Silvia Bottinelli a faculty member in the Visual and Critical Studies Department at the School of the Museum of Fine Arts – Tufts University, was one of two CIMA Travel Fellows in 2016-17. Her research in Italy took her to a variety of archives in search of material by artists focused on the domestic realm, the subject of her book manuscript in process.
Since its foundation in 1987, the Mart Museum— Museo d’arte moderna e contemporanea di Trento e Rovereto — has collected archival fonds. The hosting of art-related documents and art objects under the same roof continues to characterize the strategic choices of this institution. The Mart’s archives are located within a building by prominent contemporary architect Mario Botta. The design addresses the specific needs of exhibiting and preserving both art objects and historical documents. Thanks to such an approach, scholars of modern and contemporary Italian art can find exceptionally enlightening resources in the picturesque town of Rovereto (Trentino, Italy).
Mart’s Archivio del ’900, or 20th century archive, is grouped by subject. The collections include both personal and institutional archives related to Futurism, 20th-century architecture, theory and criticism, and Visual Poetry. Documents about such personalities as Fortunato Depero, Gino Severini, Vittore Grubicy, Angiolo Mazzoni, among others, are kept here. Scholars can get oriented by browsing the Guida all’Archivio del ‘900. Biblioteca e fondi archivistici, published by Skira. The webpage of the Archivio del ’900 also offers a thorough description of the archive’s collections.
During my research experience at Mart in March 2017, I had the opportunity to view a range of materials included in the Archivio Nuovo Scrittura (ANS) and in other fonds that concern visual and concrete poetry. I focused on documents that expanded my understanding of art and domestic cultures, as this is the topic of my current book manuscript in progress. In particular, studying at Mart helped me explore works by artists such as Enrico Baj, Mirella Bentivoglio, Maria Lai, Ketty La Rocca, Lucia Marcucci, Stelio Maria Martini, and Lamberto Pignotti.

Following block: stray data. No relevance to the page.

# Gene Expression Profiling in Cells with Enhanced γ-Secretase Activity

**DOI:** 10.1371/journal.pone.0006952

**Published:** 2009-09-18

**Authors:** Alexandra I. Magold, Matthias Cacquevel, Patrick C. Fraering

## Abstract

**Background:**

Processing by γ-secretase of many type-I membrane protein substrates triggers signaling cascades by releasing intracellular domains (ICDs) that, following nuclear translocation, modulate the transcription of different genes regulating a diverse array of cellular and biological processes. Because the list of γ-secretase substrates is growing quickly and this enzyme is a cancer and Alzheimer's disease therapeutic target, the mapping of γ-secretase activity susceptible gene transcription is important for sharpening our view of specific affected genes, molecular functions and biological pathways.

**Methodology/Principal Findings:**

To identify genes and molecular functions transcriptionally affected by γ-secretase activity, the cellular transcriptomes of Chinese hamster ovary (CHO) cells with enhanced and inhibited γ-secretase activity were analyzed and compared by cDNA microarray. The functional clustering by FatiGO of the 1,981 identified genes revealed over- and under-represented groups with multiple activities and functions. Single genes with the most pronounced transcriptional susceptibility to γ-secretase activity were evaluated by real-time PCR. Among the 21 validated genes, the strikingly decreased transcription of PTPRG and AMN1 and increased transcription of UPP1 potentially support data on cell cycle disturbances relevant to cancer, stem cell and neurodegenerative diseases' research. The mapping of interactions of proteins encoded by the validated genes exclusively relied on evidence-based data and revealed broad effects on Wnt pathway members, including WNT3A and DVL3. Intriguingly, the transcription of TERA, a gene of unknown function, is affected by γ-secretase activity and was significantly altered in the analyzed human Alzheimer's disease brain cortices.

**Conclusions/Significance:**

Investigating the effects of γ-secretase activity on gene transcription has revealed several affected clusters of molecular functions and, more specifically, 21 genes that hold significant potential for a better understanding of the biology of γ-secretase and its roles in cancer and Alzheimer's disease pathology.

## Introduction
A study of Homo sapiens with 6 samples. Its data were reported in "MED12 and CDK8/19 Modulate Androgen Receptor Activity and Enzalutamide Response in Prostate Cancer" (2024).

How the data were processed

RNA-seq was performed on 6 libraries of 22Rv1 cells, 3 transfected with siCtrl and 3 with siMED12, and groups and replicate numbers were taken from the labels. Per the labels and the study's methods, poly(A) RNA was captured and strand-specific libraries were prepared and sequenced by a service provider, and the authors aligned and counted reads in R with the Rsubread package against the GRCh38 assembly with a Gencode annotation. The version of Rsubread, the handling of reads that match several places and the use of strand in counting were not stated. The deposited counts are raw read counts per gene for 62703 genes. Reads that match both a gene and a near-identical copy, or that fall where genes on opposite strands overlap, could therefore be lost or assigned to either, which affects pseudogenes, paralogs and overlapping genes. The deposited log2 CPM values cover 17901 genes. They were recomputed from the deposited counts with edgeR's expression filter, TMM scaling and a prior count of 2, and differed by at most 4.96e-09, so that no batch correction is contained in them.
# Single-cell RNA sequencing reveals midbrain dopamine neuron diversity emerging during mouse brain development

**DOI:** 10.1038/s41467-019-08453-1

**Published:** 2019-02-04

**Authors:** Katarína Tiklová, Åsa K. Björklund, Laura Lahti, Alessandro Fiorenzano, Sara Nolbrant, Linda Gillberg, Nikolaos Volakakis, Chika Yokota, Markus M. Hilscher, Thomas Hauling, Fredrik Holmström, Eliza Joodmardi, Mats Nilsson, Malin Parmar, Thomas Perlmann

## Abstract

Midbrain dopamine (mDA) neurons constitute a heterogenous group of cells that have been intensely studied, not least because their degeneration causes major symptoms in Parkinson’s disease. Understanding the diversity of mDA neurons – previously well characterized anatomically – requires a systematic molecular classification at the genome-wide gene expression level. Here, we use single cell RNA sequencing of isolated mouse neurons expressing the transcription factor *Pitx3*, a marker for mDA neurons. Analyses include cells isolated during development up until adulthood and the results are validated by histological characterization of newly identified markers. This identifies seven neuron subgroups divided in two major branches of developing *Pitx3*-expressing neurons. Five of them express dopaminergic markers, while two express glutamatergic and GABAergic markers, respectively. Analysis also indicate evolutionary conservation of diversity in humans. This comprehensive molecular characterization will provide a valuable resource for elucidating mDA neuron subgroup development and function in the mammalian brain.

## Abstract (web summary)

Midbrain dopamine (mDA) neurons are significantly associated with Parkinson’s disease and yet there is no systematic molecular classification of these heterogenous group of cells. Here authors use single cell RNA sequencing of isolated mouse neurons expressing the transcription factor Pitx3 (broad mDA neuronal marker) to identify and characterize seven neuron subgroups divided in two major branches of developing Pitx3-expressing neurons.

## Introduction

I could access important papers that highlight these artists’ relationship to the home and the family. The intertwining of domestic life and art production is discussed in Bentivoglio’s correspondence with Betty Danon; and the ambiguous reference to family relationships emerges in Martini’s photo-novel Neurosentimental (Fondo Stelio Maria Martini). I could also learn more about the incorporation of food and cooking in the context of contemporary Italian art pieces, such as the Patacene organized by Enrico Baj and Lamberto Pignotti’s performative objects like the Eating Poems, Drinking Poems and Chewing Poems (Archivio Nuova Scrittura). Among the rare materials that I could view, it is also important to list Lucia Marcucci and Lamberto Pignotti’s film Baci, which is included in the collection Tullio Denza.
In addition to numerous and precious archival documents, Mart’s exceptional library allowed me to read published sources about 20th-century Italian art. I particularly benefitted from viewing books and articles that discuss the work of Maria Lai and Ketty La Rocca. The contribution of these women artists to 1960s and 1970s art is being rightfully rediscovered by current studies.
My book manuscript will be enriched by references to the diverse materials that I could access in Rovereto during my CIMA Travel Fellowship. Beyond the opportunity to view documents on site, the dialogue with Mart archivist Duccio Dogheria expanded my horizons and helped me consider new research directions. The enthusiasm and competence of the Mart staff at large were truly exceptional and pushed my understanding of the visual representation of domestic culture in contemporary Italian art.